Apr 25, 2012
As a medical intern, I spent a lot of time around feeding tubes and the people who needed them.
I remember unpacking the tube from its plastic wrapper and submerging the tip in ice water so that I could form a small bend that would help the tube pass through the nasopharynx and down into the esophagus. The patient would sit bolt upright, and I would take care to direct the tube to the side of the nostril so as not to damage the nasal septum. I would encourage the patient to sip cold water and swallow as I inserted the feeding tube, so as to reduce the risk of it passing into the lungs instead of the stomach. I can't forget the look on the patients' faces as their wide eyes watered as I encouraged them to swallow. Like any medical procedure that is uncomfortable or carries risks, health care providers take solace in the fact that we are helping someone - and informed consent is used beforehand to make sure that everyone is on the same page about the potential risks and possible benefits and alternatives.
Does this sound like your idea of a diet? Some doctors apparently think so. There has been a lot of buzz recently about this "feeding tube diet" which is effectively a creative path to starvation. The subject (it's hard for me to think of them as patients, much in the same way that it's hard to think about their doctors as health care providers) has a tube placed in the nose and into the stomach. And during the next several days she or he receives protein/fat liquid nutrition with minimal or no carbohydrates. The concept is to put the body into "starvation mode" from depleting glycogen stores - which results in breaking down fat (and likely some muscle) to supply energy. Hence - weight loss. The most popular form of this experiment involves delivering just 800 calories a day.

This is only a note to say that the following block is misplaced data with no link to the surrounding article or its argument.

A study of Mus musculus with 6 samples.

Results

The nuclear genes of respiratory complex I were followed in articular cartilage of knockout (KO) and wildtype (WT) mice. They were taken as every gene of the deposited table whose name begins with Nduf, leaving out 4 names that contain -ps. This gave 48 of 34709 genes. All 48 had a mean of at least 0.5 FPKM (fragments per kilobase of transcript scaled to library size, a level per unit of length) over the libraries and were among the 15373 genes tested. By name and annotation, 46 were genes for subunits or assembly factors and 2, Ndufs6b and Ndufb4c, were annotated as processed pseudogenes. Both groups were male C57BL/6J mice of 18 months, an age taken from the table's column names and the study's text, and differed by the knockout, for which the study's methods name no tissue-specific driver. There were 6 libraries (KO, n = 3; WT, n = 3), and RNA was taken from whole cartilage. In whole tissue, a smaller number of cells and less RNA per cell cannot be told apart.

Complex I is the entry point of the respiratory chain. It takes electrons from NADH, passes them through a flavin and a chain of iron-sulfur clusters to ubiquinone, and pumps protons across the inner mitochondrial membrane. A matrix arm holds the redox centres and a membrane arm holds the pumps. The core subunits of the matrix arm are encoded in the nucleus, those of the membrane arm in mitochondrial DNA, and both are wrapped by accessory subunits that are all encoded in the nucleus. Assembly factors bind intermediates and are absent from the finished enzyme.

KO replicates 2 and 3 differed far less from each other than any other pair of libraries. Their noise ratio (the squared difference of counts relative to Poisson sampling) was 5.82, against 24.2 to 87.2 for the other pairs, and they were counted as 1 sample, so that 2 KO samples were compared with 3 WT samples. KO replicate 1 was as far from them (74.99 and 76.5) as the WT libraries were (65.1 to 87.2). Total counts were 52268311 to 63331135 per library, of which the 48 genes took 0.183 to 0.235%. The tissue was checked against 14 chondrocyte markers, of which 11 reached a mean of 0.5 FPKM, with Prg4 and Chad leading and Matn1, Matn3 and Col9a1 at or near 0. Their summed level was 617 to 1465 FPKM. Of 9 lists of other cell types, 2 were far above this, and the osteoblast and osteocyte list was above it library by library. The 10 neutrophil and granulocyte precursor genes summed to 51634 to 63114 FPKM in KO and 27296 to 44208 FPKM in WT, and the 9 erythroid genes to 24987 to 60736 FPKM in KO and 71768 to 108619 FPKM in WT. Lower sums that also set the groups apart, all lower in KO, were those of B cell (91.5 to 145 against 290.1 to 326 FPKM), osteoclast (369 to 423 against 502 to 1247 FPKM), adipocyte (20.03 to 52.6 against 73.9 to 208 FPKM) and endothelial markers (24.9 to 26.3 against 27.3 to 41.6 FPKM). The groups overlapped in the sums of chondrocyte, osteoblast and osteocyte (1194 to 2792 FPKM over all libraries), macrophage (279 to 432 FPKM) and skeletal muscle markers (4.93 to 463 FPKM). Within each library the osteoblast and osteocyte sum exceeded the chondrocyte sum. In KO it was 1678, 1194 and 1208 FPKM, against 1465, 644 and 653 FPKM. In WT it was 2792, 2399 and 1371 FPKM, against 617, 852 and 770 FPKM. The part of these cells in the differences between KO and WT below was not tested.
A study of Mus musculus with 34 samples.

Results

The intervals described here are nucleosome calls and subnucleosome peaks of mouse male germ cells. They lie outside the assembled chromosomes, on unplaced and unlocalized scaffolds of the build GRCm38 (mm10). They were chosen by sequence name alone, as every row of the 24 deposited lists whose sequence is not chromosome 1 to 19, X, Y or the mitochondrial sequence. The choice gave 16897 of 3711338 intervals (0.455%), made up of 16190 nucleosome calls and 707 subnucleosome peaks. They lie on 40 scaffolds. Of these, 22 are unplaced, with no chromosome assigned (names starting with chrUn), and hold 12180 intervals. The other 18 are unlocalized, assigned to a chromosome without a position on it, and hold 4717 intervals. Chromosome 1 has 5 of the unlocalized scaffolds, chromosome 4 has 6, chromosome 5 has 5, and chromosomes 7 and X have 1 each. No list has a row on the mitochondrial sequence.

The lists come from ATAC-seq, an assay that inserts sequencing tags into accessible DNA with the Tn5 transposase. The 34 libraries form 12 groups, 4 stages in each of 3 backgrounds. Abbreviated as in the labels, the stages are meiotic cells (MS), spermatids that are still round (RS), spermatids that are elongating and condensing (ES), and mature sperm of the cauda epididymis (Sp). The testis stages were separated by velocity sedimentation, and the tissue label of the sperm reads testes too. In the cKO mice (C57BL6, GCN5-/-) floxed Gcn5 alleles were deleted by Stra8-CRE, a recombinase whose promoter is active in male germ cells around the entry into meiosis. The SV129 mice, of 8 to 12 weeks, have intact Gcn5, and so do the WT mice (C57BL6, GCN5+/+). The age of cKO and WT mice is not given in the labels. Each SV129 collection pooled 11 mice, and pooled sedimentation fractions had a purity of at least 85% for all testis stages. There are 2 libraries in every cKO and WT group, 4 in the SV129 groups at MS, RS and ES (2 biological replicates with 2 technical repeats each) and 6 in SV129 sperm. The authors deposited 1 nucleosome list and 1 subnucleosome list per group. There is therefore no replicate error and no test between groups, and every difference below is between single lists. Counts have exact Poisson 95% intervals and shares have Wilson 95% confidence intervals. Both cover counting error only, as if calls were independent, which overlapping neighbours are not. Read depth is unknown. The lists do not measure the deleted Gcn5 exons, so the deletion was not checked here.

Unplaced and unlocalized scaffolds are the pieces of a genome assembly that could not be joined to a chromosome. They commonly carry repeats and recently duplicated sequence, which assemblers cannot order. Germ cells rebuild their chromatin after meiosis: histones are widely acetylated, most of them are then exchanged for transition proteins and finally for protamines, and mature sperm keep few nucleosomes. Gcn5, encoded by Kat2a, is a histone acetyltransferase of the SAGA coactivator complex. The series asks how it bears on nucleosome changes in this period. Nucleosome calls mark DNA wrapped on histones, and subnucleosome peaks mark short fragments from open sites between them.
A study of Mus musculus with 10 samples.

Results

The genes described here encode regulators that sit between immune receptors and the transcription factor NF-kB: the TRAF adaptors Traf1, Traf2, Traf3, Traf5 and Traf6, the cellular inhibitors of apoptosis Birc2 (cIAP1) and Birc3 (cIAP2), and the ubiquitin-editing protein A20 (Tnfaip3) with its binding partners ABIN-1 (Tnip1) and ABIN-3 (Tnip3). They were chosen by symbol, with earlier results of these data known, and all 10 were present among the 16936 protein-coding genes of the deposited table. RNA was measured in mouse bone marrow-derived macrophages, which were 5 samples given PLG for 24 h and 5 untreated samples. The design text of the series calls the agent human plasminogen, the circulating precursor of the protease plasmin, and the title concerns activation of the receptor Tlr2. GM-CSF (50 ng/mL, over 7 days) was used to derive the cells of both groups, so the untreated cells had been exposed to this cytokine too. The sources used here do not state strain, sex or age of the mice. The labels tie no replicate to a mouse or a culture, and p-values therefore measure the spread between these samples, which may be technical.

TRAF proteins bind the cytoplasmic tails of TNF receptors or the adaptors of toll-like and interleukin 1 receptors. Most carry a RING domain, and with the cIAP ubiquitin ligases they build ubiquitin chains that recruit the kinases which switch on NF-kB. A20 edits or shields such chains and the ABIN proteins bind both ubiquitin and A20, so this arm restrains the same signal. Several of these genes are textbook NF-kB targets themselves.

A lot has already been written about this program and what it says about us as a society, the pressures to be thinner, and the depths to which some physicians go to make a buck. And I'll be the first to say that we haven't yet come up with a decent solution. Corporations and individuals both need to take responsibility. Our rapidly evolving world makes healthy lifestyles less convenient to maintain.
But I still like to think that our health care providers - charged with providing responsible counsel and safe advice - have the ultimate responsibility to do no harm. We can't be part of the part of the problem. Our patients are counting on us.
What do you think? Would you ever consider a feeding tube diet? Follow Dr. Beckerman on Twitter @jamesbeckerman and let him know.